This was our second backpacking trip, so we were still learning – especially about finding a spot to camp and reducing the weight of our packs. The weather was rather dreary but we enjoyed ourselves.
Day One – Tonight we get to sleep in the woods
We got away from Springfield on time, picking up Lanie from her sleepover on the way out. At the grandparents I helped load a large steel house sign into the pick-up before we headed off for the last fifty miles or so to our destination; the Devil’s Backbone Wilderness area.
Over the past week we’ve checked the maps and pictures of the wilderness we found online. We had a rough plan of action, starting at the Collin’s Ridge trailhead.
There were no other vehicles in the parking lot, checking the registration log,
We had a good hike along the Devils Backbone down into Mary Hollow. Ginger particularly liked all the pine trees at the start of the hike. The Devils Backbone was quite impressive with a significant drop off on each side.
The trail actually comes out about an eighth of a mile to the east of where it is shown, which caused us a bit of backtracking while we looked for the trail to McGarr Spring. We found the trail but couldn’t find the spring, there was evidence of water but there was none running.
The trail was very easy walking being mainly soft dirt. It would have suited my Vibram Five Fingers which I hadn’t brought along. My huaraches worked well, but as expected weren’t tough enough for the the trip, so after a couple of repairs, I gave up and resorted to trainers for hiking and flip-flops around camp.
Day Two – It’s our second Wedding Anniversary
I sure do know how to show a girl a good time! While we were drinking our morning coffee and making our plans for the day. Ginger surprised me with an anniversary gift – a CD. We had no way to play it though!
The overnight temperatures dropped into the mid forties, but we were nice and snug.
After breakfast and breaking camp, we hiked down Mary Hollow and followed the trail north and west to the North Fork River.
The trail was obstructed by fallen trees in many places, and only a couple of trails are marked, so you need a map and to read the ground to make sure you stick to the right trail. We stopped briefly to admire the bluffs on the North Fork and to be completely disgusted at the mess left behind presumably by people camping in the wilderness while floating down the North Fork River. The almost complete lack of trash on the trails of the wilderness would suggest that this is the case.
We then climbed the 360 feet to the top of McGarr Ridge, and walked along the ridge and then negotiated the very steep 360 foot descent to visit Blue Spring, where we filled up with water and had lunch.
Our plan was to camp somewhere near where we’d first seen the river, and that meant retracing our path, climbing and descending McGarr Ridge again. We surprised oursleves by getting up the ridge quite quickly. Our trekking poles, brought for this trip, proved themselves invaluable going up and down the ridge.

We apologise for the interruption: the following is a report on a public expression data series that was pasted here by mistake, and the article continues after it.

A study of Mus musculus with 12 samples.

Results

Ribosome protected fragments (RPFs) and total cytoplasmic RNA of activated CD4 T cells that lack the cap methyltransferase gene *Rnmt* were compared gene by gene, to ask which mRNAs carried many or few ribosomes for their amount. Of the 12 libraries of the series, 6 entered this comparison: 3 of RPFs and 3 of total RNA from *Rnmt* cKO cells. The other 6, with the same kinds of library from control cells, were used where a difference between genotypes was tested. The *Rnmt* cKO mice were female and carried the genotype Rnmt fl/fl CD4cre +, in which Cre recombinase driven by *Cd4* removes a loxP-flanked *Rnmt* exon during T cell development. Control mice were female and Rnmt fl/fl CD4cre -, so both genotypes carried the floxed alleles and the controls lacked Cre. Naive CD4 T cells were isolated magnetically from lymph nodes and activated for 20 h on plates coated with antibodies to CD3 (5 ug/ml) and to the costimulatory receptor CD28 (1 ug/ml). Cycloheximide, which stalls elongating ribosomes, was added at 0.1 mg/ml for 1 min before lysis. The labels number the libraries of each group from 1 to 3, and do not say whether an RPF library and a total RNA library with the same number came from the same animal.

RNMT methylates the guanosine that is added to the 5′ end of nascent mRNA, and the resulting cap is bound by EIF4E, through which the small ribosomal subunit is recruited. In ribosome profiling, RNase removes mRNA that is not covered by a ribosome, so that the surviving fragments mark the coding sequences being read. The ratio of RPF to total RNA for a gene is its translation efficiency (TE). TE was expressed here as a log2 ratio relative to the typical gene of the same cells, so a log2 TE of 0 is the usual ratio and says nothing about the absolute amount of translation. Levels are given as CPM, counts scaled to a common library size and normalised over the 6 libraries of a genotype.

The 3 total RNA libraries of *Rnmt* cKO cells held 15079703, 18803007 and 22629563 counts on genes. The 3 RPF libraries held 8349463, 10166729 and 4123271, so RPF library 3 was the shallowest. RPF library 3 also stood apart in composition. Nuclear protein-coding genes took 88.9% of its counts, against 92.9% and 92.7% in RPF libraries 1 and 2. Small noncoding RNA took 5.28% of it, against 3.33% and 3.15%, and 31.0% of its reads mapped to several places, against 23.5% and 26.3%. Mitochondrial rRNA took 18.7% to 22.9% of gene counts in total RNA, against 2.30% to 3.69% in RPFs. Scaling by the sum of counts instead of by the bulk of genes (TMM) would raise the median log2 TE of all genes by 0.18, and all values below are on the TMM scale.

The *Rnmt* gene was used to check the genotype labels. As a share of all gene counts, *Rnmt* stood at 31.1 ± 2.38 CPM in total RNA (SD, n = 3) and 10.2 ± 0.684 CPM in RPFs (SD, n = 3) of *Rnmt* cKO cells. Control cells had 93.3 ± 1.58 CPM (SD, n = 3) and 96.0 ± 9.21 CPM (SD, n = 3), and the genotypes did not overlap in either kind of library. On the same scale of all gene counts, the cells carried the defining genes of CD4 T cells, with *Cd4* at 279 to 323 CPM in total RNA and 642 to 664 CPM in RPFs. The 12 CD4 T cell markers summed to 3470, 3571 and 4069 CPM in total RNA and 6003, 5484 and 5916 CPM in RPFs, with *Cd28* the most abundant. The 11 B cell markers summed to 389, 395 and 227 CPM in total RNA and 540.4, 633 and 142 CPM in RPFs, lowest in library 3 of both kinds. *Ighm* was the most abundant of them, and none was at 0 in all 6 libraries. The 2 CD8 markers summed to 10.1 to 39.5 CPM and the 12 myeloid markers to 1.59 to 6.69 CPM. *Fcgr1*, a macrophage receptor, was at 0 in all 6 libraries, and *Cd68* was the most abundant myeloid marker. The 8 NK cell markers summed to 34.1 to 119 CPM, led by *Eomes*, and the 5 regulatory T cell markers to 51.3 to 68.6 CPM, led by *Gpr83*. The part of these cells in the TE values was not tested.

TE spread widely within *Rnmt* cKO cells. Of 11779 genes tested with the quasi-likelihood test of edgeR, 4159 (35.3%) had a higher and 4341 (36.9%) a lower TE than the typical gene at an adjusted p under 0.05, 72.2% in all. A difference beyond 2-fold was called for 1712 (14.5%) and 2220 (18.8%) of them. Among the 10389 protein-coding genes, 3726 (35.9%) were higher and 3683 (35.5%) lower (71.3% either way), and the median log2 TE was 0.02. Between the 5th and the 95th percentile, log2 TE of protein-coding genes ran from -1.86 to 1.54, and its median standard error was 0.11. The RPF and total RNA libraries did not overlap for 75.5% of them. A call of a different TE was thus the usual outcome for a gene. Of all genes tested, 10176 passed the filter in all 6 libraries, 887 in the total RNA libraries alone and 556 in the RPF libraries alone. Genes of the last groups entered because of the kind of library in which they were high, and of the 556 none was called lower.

So we followed the trail north a short while and then cut down to the river. We found a nice secluded gravel bank where we spent the night, accompanied by the sound of running water.
Day Three – Our last day in Devils Backbone wilderness
It had been quite cold overnight and it started to rain just as we were about to break camp.
– which meant we were able to put just about everything away dry.
The trail up Collins Ridge doesn’t appear to be marked, and we encountered several trails that aren’t marked on the map, which made for some educated guesswork on the navigation, which proved correct once we could see the lay of the land and check it against the topo map. The hike started with another 300+ foot ascent, quite enough for us out of condition hikers.
Before too long we were back where the trail along the Devils Backbone splits off, and shortly after that we stopped by a stone pile which acted as a tripod for today’s picture.
Once back at the trail head, Ginger looked at the trail head check-in, and the log had been changed and maps left. We saw that four people had been in on a day hike yesterday,
We saw and heard lots of Armadillos (Dasypus novemcinctus), and the tracks of a bobcat (Lynx rufus) but no people, which is pretty much how we like it.
The van was where we left it (always a worry). It was just a matter of dropping our packs in the back and heading off to Ginger’s parents, a nice dinner, pick up the girls and head back to Springfield so that they could be home in good time for school Tuesday (Monday was a school holiday).
In total we’d hiked around 12.5 miles in a little over two and a half days.